With self-driving vehicles advancing into the mainstream, an emerging question is, “Who is at fault in a driverless car accident?” New technology brings new legal issues, and an experienced auto accident lawyer can help injured drivers and passengers navigate them.
If you have been injured in an accident that was not your fault, contact Attorney Group. We offer free, confidential, no obligation consultations. We can help answer your questions, and if you choose to pursue a claim we can connect you with an affiliated driverless car accident attorney who can assist you through the legal process.
Important: The time you have to pursue a claim is limited. Contact us for more information.
Who is At Fault in a Driverless Car Accident?
With technology increasingly changing, self-driving car research has become a topic of interest for many. Government agencies, major car manufacturers and Google are spending millions of dollars to fund research involving vehicle-automation technology. However, while these developments are intended to reduce the number of car accidents, what happens when automation is the suspected culprit of vehicle wrecks?
How does one divide blame between a car’s automated systems and a human driver, and how does one divide blame within the systems themselves? A myriad of factors may come into play: Was it the vehicle’s software, or was it the lack of testing conducted on said software? Was the hardware to blame? Did the hardware and software interact in dangerous ways in which the manufacturer did not expect?
These questions have been brought to the attention of developers, resulting in concerns that liability may be a major obstacle to the introduction of autonomous car technologies. In fact, if the issue of liability is not solved, it could eliminate or delay the vision of the use of driverless cars for the average consumer, according to an article published in the San Diego Union-Tribune.
New Technology Brings New Legal Issues
The use of autonomous vehicles may place challenging liability questions in front of courts should drivers become injured and attempt to seek compensation for damages. However, it does not necessarily mean that courts will be unable to address these concerns, and many feel that placing the driverless car industry on hold to allow legislators the opportunity to draft new liability laws in anticipation of problems is completely needed.
Negligence occurs if a manufacturer fails to design its products to be safe when used in reasonably foreseeable ways. For instance, a driverless steering technology that functions as intended during the day but that people claim causes fender-benders at night. An individual who sustains damages could allege that night driving is a reasonably foreseeable use of the car, and that the manufacturer’s failure to test the technology and ensure it is properly functioning at night constitutes negligence.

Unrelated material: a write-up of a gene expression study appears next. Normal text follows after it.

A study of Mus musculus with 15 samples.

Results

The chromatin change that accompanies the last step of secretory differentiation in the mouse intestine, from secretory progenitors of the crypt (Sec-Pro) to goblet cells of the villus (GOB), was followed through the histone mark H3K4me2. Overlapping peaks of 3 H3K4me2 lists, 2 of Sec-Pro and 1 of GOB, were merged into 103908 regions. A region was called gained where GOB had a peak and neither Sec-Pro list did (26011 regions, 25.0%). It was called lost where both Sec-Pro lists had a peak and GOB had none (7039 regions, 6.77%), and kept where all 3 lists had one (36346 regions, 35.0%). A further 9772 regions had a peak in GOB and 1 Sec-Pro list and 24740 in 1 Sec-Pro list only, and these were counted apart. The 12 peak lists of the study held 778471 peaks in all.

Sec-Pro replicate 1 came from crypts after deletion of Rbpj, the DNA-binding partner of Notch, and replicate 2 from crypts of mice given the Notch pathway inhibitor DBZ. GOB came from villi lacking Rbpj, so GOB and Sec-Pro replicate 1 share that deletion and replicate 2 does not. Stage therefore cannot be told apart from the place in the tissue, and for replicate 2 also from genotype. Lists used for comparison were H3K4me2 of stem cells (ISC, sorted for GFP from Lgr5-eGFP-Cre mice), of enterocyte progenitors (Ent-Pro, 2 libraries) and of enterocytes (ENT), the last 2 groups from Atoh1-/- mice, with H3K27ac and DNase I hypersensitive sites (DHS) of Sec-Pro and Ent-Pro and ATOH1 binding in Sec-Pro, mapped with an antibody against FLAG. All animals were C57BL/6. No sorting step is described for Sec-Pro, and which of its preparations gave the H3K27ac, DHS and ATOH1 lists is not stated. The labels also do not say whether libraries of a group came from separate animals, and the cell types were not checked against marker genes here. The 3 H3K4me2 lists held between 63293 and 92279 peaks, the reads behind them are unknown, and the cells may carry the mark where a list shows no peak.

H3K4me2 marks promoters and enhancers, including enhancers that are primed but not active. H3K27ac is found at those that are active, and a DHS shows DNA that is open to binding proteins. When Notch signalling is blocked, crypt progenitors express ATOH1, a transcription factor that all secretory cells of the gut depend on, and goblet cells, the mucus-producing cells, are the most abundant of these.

Another commonly-asserted theory of liability is design defects. For example, the software that is designed to control braking in a self-driving car does not apply enough braking power if the vehicle needs to stop on a downhill slope. As a result, the vehicle may cause a frontal collision as it hits the car in front of it, and a person who suffers economic losses or injuries due to the crash could file a design-defects lawsuit against the manufacturer.
While the specific fact patterns may differ, in product liability terms, companies who design, manufacture and market driverless car technologies are not so different from other manufacturers as they are all required to offer products that are safe and that function as intended. As a result, companies also have the same set of legal exposures if it can be proven that they failed to do so.
How a Driverless Car Accident Attorney Can Help
When negligence results in injury, an injured party suffers loss in various ways. The law allows an injured party to pursue damages to recover those losses. Common types of damages recoverable in a personal injury case include:
- Medical expenses
- Pain and suffering
- Lost wages
- Loss of ability to earn
- Scarring and disfigurement
When someone’s negligence results in the death of another person, family members of the person killed may recover damages for the wrongful death of their loved one. Wrongful death damages include:
- Medical expenses incurred prior to death
- Conscious pain and suffering prior to death
- Loss of the economic support of the loved one
- Loss of the companionship of the loved one
- Funeral expenses
If the actions causing injury are malicious or so reckless that intent to harm can be inferred, the responsible party can be liable for punitive damages to punish wrongful conduct and deter similar conduct in the future.
Victims of negligence and their families are encouraged to seek the counsel of a driverless car accident attorney to learn more about their rights and remedies.